Saturday, December 22, 2018 - 10:11

PRO XC SKIING XMAS TALE: Inside the Aukland Expedition, part I


The battle against heavy storms, extreme coldness and imaginary beasts

We, human beings, are fascinating creatures. We are the only species capable of expressing a wide canvas of emotions. Love, hate, pleasure, pain and of course passion, these are just a few of those human characteristics that define us. Passion is certainly one of the most important ones as it is an emotion that drives us to push the envelope and discover new frontiers.

Hence, it is fitting to quote a famous German rock band the Scorpions and say that “passion rules the game!” They couldn’t have said it any better – or actually sung it any other way. For most of us reading this article, long distance skiing is a matter of passion, and we love going to extremes when putting our bodies to test in various ski races.

There are some long distance events that truly test our mental state and physical capacity such as Vasaloppet or Red Bull Nordenskiöldsloppet in Sweden or many challenging races in the Visma Ski Classics tour. But there is nothing like the Greenland expedition that the famous Aukland brothers did this May. And there is no one like these two brave warriors. Some may even say that these guys are aliens from outer space as they don’t seem to be from this planet. Therefore in the dawn of the Christmas break, it is time to work up an appetite and step into their extraordinary world and learn what they went through on their journey of self-discovery and human courage.

Jørgen and Anders Aukland set out to face their challenge at 00:10 am on May 18. Their aim was to ski across Greenland in record time, in less than six days. Besides these two skiers, there were two other men in their group; Egil Nielsen, an avid skier who had done the expedition twice and was the former record holder, and Eirik Bruland, a professional road cyclist who had done several mountain bike tours in Norway. The weather conditions were pristine at the start and their spirits high up.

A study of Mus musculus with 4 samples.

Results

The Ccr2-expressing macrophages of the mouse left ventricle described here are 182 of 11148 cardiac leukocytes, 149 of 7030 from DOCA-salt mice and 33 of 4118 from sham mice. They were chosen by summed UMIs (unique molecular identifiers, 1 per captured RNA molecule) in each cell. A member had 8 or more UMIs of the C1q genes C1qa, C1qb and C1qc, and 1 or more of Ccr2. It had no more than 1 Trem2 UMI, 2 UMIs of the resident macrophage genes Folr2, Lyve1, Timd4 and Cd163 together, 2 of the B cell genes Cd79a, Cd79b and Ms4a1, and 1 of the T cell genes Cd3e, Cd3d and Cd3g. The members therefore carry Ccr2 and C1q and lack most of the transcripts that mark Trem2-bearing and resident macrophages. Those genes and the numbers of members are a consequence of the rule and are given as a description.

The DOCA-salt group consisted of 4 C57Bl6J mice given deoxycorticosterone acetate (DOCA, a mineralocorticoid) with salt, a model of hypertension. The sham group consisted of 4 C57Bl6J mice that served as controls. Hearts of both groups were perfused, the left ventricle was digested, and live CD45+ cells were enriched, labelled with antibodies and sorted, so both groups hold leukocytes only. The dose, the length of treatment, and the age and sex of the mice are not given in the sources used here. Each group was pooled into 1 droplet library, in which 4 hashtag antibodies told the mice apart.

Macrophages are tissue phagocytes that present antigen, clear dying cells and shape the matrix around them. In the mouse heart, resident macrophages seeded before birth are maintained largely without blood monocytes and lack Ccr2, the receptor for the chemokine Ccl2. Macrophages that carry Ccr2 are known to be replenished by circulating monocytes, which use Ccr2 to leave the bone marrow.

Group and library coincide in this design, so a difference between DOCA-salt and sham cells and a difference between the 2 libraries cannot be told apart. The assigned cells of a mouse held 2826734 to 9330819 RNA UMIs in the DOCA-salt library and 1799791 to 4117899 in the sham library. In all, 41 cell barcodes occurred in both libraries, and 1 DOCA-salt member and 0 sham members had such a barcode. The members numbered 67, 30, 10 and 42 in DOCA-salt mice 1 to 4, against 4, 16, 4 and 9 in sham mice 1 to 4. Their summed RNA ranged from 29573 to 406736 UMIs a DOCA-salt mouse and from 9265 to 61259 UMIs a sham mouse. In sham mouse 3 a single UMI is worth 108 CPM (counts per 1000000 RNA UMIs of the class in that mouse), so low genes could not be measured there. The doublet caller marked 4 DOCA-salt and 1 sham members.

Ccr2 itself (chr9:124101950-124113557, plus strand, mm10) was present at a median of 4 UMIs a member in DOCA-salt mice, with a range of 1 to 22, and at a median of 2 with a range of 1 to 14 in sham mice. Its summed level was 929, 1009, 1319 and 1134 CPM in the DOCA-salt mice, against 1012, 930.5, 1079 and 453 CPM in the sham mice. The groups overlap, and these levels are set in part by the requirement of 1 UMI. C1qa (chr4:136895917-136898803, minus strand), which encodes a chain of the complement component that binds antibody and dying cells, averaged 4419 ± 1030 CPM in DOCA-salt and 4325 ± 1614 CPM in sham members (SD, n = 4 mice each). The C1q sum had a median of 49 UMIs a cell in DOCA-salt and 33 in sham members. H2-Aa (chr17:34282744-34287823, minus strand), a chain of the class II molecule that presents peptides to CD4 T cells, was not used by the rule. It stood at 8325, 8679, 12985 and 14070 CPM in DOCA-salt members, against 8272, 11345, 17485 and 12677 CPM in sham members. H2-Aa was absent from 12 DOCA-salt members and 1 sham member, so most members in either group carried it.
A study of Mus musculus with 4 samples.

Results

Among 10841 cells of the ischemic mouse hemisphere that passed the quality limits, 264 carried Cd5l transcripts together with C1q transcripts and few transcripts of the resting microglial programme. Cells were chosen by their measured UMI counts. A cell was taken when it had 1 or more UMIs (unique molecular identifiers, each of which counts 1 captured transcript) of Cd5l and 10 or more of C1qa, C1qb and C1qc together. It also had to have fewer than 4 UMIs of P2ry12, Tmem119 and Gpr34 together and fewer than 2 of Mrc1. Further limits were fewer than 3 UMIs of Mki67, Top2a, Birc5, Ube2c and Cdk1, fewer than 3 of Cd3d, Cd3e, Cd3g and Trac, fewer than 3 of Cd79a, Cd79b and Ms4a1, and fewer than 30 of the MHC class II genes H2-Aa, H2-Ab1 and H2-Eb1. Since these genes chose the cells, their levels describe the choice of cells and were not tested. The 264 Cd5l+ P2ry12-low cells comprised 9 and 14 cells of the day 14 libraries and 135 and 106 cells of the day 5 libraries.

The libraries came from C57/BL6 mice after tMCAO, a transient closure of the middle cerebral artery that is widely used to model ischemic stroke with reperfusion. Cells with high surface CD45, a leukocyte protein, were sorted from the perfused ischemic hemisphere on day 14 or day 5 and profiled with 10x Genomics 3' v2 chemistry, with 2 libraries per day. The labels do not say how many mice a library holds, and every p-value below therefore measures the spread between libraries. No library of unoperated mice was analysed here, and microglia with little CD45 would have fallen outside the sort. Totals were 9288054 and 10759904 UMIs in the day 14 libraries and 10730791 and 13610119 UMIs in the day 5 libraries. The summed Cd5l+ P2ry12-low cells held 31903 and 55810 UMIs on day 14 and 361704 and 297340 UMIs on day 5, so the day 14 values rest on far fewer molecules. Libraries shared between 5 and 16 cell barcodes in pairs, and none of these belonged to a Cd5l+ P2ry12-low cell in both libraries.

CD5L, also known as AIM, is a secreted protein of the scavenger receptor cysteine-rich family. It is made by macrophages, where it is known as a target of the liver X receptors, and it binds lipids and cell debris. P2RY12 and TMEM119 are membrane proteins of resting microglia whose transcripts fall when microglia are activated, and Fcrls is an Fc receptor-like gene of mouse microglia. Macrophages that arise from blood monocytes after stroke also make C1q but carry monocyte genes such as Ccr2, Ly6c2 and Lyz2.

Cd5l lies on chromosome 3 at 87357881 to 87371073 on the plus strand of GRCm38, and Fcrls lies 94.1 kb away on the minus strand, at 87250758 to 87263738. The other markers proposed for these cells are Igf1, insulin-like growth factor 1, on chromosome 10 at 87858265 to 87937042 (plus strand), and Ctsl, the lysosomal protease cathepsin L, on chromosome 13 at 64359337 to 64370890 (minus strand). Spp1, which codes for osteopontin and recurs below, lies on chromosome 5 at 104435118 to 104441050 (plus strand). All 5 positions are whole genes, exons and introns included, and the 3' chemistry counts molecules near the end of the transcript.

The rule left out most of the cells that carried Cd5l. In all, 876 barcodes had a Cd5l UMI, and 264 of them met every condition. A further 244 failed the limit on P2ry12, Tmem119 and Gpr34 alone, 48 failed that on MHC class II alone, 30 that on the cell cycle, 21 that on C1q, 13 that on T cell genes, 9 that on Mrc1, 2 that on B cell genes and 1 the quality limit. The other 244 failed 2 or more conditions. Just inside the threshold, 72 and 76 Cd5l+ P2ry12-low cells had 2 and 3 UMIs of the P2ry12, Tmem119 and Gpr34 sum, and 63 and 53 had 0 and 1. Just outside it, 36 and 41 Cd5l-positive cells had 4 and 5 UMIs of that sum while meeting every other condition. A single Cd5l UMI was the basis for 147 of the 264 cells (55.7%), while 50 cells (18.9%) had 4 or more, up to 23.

“We started really well,” Jørgen admits when looking back to those hard days in May. “We were really ahead of schedule, and we felt that we had a real chance of breaking the record. We started out with three sleds, each weighing 28 kg. We skied with Fischer Speedmax skis and Fischer RC 5 boots. Some people may say it was crazy, but it worked for us. We had two pairs of spare skis and poles, but we encountered no accidents. We mounted the skis on our sleds on the first day after climbing up on the glacier. So, everything was great in the beginning, but in events like this, nothing really goes exactly by your plan.”

Indeed, you can, and you should, plan ahead and make sure that you are well prepared when aiming to attempt such endeavors. But plans are only plans, and the harsh reality can be something totally different. And no matter how much time and consideration you put into your preparation, it won’t guarantee a smooth ride when you are out there in the wilderness. Be ready for surprises and never trust Mother Nature to be on your side throughout your escapade.

That’s what Jørgen, Anders and the two other team members had to experience first hand even if they went through an excruciating preparation before embarking on their journey. The team had one training camp where they practiced on chores and duties of their upcoming expedition, such as putting up the tent and dragging their sleds. So, they definitely entered the challenge fully prepared, but the Greenland nature has its own way as they soon realized.

“A big storm kicked in,” Jørgen continues with a dramatic tone in his voice. “And we had to spend 36 hours in our tent listening to the howling wind around us. Everything was completely white. For four days, we stayed at an altitude of 2000 meters above sea level, and that was really challenging for our bodies. We skied between 15 to 18 hours every day and slept only about four to five hours per day. And that was no beauty sleep as we were freezing and really tired all the time.”

The cold weather, -25 C and below, and the extremely slow and dry snow slowed them down sucking all the energy out of them. The team had to make choices where the safety took priority over breaking the record. The gigantic nature of the glacier, as Jørgen described the surroundings, impressed the travelers and made them humble.

“Truly, the hardest part of the journey was lack of sleep and facing the wild and rough nature. When we arrived in our starting place Tasiilaq, we were told that they had shot 25 polar bears this season. We didn’t bring any guns to protect us from those unexpected visitors, but we had some hairspray and a lighter in case of polar bear emergencies.”